During the 1970s, although Elvis was still very much recognised as The King, his star had undoubtedly faded, and the new generation had more interest in contemporary artists like David Bowie. The Starman had successfully usurped him in popular culture, and Bowie also regretfully managed to upstage Elvis at his own concert.

This incident left Bowie with immense guilt, and it was never his intention to make Elvis the supporting act during his own headline show. After all, the English singer wrote a song for the man himself, and there were talks about Bowie producing for the singer for a period. However, both sets of plans failed to materialise.

Bowie wrote the track ‘Golden Years’ with Elvis in mind, which he eventually included on Station To Station after Presley had rejected it. The pair shared a manager at RCA Records, who initiated the idea, but ultimately, Elvis decided it wasn’t a fit for him.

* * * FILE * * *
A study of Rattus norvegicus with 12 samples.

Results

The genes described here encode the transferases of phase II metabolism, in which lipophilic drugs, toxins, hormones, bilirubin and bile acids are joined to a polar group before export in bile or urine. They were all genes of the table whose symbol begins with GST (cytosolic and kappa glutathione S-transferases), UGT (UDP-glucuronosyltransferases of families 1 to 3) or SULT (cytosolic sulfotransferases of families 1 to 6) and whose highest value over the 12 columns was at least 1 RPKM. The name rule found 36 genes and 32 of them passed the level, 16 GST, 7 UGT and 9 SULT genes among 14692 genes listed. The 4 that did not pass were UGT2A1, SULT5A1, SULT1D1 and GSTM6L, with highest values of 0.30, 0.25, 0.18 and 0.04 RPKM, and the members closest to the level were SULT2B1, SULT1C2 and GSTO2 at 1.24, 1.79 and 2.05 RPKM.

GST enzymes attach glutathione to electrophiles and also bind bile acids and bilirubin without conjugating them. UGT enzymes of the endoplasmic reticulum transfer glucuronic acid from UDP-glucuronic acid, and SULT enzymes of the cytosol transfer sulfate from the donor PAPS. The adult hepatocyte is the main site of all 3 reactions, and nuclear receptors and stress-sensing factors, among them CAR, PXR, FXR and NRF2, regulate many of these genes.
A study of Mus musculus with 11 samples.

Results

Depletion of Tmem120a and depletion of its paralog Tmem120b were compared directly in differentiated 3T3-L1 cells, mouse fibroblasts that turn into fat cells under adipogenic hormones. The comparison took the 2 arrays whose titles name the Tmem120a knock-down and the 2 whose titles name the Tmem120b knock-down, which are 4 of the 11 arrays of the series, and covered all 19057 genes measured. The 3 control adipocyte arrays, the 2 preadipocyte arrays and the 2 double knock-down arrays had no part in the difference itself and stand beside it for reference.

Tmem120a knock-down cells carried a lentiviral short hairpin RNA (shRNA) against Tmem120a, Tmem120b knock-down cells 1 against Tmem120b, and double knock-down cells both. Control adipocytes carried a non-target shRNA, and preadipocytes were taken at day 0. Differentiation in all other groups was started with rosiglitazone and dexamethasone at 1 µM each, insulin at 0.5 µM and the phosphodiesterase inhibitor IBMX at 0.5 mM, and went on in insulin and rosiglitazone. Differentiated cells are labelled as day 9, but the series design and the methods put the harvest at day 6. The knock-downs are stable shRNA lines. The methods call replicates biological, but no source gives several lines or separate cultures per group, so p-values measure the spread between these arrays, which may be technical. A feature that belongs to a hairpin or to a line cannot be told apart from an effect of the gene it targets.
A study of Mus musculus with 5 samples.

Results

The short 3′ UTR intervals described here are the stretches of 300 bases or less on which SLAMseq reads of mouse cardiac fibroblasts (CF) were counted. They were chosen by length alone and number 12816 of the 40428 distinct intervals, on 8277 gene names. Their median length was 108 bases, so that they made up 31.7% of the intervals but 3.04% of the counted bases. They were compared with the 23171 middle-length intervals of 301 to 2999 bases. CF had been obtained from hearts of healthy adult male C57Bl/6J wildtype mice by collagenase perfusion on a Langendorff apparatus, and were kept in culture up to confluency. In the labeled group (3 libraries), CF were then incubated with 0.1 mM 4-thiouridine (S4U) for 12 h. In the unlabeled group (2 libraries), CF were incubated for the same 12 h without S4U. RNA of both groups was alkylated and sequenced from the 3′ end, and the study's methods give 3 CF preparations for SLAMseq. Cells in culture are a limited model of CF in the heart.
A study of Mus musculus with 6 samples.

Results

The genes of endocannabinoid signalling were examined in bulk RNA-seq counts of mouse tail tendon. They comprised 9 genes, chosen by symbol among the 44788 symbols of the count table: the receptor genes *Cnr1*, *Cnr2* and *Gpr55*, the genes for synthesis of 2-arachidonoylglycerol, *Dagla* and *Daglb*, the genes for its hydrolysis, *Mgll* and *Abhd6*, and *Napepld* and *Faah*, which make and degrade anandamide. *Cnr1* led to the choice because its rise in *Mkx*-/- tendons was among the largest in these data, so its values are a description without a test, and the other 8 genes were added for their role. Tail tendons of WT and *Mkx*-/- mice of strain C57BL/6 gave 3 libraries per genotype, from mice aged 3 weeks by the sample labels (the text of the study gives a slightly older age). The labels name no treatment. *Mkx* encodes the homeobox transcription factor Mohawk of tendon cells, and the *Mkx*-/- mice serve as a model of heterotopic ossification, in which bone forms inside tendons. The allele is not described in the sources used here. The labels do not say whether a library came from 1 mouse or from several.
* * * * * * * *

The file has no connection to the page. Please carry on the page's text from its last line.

In 2002, Bowie opened up about their paths almost crossing and revealed: “There was talk between our offices that I should be introduced to Elvis and maybe start working with him in a production-writer capacity. But it never came to pass. I would have loved to have worked with him. God, I would have adored it.”


Bowie was still relatively new to fame and, in his later years, would have worn something that would allow him to camouflage with the rest of the crowd, but, instead, he naively attended the performance in full Ziggy Stardust mode.

“I came over for a long weekend,” Bowie once remembered. “I remember coming straight from the airport and walking into Madison Square Garden very late. I was wearing all my clobber from the Ziggy period and I had great seats near the front.”

He added: “The whole place just turned to look at me and I felt like a right c***. I had brilliant red hair, some huge padded space suit and those red boots with big black soles. I wished I’d gone for something quiet, because I must have registered with him. He was well into his set.”

It was a rookie error, and the audience can’t be blamed for shifting their attention to Ziggy and away from Elvis because he was the one currently occupying the charts. It was never Bowie’s attention to become the star of the show, and despite being well-intentioned, he was still riddled with guilt for creating a red-haired bollard between Presley and the Madison Square Garden crowd.